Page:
Thursday, August 27, 2009

From Emily: Gendered Labels

I'm absolutely swamped at the moment, so this will be brief, but today I attended a training session conducted mostly by Cheryl Glenn, a professor from Penn State. Dr. Glenn is best known for her work with education and rhetoric, which is what she discussed today (The training session was for graduate students who are teaching college-level writing at Brigham Young University). But Dr. Glenn also has a background in Women's Studies. This background didn't come up in today's lecture (which was amazing, by the way), but I noticed right away that she referred to the female grad students in the room as "women." I don't always notice whether BYU professors call female students women, sisters, ladies, or girls, but I know from the times that I have paid attention that BYU professors are much more likely to refer to male students as "men" than female students as "women." I'm sure there are many factors feeding into this linguistic practice, but the point is - Cheryl Glenn did the exact opposite. She never once used the word "girl" or "gal" to refer to a female grad student; she always said "woman." But she also never used the word "man" or "gentleman" to refer to a male student - she referred to each of them as a "guy."

I wanted to know why she was doing that more than anything else, but I was too afraid to ask. She did encourage us to email her though, so I might just have to do that.


  1. Wow, I'm kind of amazed that BYU had someone so 'subversive' come and speak. You'll have to post her response when she emails you back.

  2. I just emailed her, so hopefully she'll respond. The thing I wasn't expecting was how impressed she was by BYU. Apparently we have about a 95% retention rate, which is unheard of at most universities.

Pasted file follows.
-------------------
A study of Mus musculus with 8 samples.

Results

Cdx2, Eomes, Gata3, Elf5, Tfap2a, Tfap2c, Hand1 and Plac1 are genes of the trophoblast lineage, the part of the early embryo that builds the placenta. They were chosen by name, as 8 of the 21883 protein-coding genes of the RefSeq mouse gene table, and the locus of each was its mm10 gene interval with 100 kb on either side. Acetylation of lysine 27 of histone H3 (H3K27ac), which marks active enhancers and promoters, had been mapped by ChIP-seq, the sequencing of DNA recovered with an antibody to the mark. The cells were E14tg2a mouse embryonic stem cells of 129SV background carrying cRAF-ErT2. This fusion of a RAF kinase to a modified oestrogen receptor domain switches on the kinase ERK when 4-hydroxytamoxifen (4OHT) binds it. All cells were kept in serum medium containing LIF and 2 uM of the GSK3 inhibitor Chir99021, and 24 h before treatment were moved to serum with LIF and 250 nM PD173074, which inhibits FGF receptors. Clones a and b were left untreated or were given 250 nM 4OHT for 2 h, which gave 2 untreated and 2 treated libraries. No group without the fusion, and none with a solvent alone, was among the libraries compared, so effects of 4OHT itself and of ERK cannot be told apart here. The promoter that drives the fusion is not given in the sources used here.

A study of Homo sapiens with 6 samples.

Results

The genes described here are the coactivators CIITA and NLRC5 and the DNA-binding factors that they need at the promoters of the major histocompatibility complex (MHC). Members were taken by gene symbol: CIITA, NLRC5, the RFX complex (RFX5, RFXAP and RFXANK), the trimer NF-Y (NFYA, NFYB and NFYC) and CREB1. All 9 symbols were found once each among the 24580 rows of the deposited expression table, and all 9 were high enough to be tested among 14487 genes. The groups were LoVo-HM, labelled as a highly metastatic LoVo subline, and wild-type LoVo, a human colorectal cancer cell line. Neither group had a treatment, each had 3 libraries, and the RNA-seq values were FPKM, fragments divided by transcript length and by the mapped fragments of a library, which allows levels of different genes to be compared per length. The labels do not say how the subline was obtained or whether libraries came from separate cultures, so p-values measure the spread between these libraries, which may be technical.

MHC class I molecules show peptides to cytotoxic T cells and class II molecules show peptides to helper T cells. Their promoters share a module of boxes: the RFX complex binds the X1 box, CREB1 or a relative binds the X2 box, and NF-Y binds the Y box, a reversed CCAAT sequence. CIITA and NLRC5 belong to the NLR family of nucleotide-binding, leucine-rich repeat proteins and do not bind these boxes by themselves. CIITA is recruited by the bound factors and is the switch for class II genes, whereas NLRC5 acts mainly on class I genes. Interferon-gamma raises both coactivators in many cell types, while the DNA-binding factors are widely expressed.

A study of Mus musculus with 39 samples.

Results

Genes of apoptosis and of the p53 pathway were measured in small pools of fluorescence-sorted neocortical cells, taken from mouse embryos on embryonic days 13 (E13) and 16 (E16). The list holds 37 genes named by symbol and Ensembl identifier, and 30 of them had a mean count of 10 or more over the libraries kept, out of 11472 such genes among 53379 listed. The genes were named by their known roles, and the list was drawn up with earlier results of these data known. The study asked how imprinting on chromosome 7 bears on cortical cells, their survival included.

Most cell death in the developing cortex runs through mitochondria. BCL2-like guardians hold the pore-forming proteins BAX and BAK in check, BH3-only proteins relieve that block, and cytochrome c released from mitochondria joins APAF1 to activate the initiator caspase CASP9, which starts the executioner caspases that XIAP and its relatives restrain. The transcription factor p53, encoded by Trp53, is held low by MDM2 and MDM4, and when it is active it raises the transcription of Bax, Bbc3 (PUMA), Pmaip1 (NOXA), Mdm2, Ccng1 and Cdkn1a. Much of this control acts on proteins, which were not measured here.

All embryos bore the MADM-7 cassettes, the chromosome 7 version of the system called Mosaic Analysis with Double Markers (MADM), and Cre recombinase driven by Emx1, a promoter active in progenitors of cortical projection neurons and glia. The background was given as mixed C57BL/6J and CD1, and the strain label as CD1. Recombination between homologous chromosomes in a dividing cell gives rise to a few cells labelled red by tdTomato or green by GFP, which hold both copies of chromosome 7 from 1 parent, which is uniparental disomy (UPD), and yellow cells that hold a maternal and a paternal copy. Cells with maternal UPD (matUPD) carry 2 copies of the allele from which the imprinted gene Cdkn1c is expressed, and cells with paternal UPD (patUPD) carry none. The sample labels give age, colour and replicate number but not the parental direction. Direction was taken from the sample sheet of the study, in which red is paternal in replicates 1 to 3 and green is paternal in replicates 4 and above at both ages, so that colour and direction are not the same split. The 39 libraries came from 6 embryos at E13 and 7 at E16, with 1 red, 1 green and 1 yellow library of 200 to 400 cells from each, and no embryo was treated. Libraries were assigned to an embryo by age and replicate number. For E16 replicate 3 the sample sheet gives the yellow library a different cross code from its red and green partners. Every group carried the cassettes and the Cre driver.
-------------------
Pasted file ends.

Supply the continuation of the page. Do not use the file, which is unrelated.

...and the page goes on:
3. Now I am racking my brain trying to think of why that would be. Parental support? Less incidence of alcoholism and drug abuse? Maybe just because it's so inexpensive for a private school? Maybe it's to do with the fact that the quality of students here is comparable to higher-caliber schools (which I'm guessing also have high retention rates), though the coursework is maybe less rigorous than those schools.

  4. Probably all of the above, plus things like environmental comfort. I get the impression that BYU creates an environment that's not just academic, but lifestyle and social in nature- which makes it harder to drop out, as it were. Cost is also probably a huge factor! If you're taking out huge loans to make it through, say, Harvard, you're more likely to leave for something cheaper than if you're paying significantly less to begin with for a good education. If coursework is less rigorous, too, that'd make a difference because fewer students would drop out for being overwhelmed. Very interesting, though!